For OAB in Men, Try Behavioral Therapy First, Researchers Say

By Megan Brooks

January 22, 2020

NEW YORK (Reuters Health) - For men with overactive bladder, behavioral therapy alone may be the best first step in addressing the problem, researchers say.

In a randomized controlled trial, they found that combining behavioral and drug therapy led to greater improvement in OAB symptoms compared to drug therapy alone, but not compared to behavioral therapy alone.

"When using a stepped approach, it is reasonable to begin with behavioral therapy alone, not just because of the better adverse effect profile but also because behavioral therapy yields better 6-week outcomes than drug therapy and, thus, results are achieved more quickly than starting with drug therapy alone," Dr. Kathryn Burgio from University of Alabama at Birmingham and colleagues said in JAMA Internal Medicine.

"A stepped approach starting with behavioral therapy alone allows patients to evaluate its effect before discussing with their clinicians the advantages and disadvantages of adding drugs with accompanying adverse effects for a small degree of additional improvement," they add.

Prior research has shown that combining behavioral and drug therapy improves outcomes in women with OAB, but less is known about the effects in men with OAB.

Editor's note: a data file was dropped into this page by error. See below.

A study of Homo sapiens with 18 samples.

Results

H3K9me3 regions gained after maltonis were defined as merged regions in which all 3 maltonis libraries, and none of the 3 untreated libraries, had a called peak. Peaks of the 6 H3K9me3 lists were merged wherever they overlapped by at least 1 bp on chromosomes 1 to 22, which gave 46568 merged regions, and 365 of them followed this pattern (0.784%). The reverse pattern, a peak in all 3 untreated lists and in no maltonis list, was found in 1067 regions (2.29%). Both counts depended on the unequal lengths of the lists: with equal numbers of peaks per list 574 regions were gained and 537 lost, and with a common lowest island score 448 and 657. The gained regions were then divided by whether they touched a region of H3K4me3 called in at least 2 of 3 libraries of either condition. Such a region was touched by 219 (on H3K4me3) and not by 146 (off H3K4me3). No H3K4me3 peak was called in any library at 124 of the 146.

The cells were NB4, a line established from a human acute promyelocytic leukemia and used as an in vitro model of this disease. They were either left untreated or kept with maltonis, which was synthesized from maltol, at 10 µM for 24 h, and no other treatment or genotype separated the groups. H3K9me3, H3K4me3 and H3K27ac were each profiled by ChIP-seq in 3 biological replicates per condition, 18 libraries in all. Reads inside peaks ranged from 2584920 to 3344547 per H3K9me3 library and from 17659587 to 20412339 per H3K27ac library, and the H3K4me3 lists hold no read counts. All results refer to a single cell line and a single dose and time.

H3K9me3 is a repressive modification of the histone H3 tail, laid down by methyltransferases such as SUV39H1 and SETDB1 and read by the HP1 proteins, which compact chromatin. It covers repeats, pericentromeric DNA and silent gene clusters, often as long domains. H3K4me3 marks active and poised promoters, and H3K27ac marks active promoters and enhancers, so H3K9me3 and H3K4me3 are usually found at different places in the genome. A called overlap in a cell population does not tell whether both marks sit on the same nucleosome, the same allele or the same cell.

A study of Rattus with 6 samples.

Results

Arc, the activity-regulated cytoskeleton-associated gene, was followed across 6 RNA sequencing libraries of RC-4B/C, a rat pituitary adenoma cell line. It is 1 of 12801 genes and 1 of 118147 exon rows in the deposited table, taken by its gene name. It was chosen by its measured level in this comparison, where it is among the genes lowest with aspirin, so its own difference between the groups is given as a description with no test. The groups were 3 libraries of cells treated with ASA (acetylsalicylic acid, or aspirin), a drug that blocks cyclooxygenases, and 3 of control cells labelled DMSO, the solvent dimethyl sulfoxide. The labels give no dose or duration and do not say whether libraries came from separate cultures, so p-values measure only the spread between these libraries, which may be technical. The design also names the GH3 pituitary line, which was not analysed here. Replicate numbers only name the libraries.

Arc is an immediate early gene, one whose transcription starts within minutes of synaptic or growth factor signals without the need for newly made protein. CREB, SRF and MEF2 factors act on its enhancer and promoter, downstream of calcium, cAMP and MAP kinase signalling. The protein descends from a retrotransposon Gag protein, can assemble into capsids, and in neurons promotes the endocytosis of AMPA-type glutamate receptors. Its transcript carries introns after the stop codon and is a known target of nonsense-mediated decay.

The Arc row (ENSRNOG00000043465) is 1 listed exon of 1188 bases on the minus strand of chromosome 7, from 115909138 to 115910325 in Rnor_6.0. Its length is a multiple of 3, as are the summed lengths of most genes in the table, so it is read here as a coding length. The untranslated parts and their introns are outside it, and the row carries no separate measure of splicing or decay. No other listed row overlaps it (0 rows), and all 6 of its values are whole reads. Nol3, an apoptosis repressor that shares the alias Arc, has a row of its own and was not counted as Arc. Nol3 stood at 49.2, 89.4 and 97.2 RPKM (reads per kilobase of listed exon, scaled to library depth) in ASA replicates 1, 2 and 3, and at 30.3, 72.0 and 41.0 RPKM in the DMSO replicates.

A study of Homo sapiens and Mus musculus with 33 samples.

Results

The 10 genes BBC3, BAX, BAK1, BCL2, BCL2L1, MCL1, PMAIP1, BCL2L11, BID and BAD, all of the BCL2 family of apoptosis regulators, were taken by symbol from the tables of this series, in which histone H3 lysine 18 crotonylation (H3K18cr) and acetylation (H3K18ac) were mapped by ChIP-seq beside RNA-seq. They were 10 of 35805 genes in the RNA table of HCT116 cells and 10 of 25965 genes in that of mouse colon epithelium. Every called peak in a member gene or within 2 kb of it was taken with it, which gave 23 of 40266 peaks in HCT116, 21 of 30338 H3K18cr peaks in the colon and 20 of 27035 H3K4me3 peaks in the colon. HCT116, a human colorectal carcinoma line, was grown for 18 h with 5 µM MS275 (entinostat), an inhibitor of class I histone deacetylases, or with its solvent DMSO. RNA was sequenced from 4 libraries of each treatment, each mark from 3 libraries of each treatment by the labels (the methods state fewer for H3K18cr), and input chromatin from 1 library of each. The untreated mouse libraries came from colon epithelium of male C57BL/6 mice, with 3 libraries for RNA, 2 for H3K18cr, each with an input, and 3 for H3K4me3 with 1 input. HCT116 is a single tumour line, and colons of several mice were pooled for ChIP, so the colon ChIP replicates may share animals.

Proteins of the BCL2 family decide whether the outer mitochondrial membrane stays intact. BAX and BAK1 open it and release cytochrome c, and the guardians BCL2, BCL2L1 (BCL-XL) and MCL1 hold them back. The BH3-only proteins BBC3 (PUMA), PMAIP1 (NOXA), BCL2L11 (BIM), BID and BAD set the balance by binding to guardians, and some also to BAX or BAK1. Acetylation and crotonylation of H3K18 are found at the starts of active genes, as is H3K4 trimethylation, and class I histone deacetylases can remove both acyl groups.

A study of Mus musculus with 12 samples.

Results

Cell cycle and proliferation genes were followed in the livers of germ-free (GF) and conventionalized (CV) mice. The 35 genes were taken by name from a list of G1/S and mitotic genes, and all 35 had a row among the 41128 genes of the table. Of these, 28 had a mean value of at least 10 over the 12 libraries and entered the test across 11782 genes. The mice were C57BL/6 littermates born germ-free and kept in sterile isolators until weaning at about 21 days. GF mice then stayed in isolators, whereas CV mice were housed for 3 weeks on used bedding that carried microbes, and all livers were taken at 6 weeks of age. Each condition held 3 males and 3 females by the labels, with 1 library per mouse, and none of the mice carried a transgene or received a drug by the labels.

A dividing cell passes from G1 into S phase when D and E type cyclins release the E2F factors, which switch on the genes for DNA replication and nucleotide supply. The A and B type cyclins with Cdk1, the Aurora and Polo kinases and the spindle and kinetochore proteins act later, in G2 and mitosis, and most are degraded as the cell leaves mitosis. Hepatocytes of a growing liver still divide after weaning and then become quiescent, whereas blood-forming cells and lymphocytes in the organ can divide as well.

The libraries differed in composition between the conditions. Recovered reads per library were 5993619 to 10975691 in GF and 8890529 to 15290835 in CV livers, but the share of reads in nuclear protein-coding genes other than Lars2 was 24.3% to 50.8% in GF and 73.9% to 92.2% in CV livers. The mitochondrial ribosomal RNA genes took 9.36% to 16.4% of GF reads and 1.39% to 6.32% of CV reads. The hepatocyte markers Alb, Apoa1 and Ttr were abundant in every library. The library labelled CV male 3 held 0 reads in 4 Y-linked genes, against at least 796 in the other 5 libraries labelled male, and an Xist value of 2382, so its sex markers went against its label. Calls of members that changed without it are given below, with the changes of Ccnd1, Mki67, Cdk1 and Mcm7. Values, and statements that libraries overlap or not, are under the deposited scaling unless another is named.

To investigate, the research team randomly assigned 204 men aged 40 and older with OAB and an average of nine voids or more every 24 hours to six weeks of behavioral training alone, drug therapy alone, or combined behavioral and drug therapy.

Behavioral training included pelvic floor muscle training with urge suppression strategies, and fluid restriction for nocturia. Drug therapy included an antimuscarinic (sustained-release tolterodine, 4 mg, once daily) and an alpha-blocker (tamsulosin, 0.4 mg, once daily before bed). Following the first six weeks of treatment, men receiving monotherapy were stepped up to combined behavioral and drug therapy for another six weeks.

In intent-to-treat analyses, after six weeks of treatment, average voids per day were significantly lower with combined therapy compared with drug therapy alone (8.2 vs 10.3; P<0.001) but not significantly lower compared with behavioral therapy alone (8.2 vs 8.8; P=0.19).

Average voids per day were also lower for behavioral therapy alone compared with drug therapy alone (8.8 vs 10.3; P<0.001).

At 12 weeks, after all men received combined therapy, outcomes tended to be better for men who initially received combined therapy, but there were no significant group differences.

In email to Reuters Health, Dr. Burgio said, "Although behavioral treatments are recommended as a first-line therapy for these symptoms, they are not as readily available in clinical practices. Knowing that there is benefit to combining behavioral and drug therapies provides a rationale for providers to integrate behavioral components into practice, giving patients more options in shared decision-making."

"Behavioral therapy can be implemented by nurses, nurse practitioners, and physical therapists and has potential for widespread application in a variety of outpatient settings," the research team notes in their paper.

The study was funded by the National Institute of Diabetes and Digestive and Kidney Diseases.

SOURCE: http://bit.ly/36WoNfR JAMA Internal Medicine, online January 13, 2020.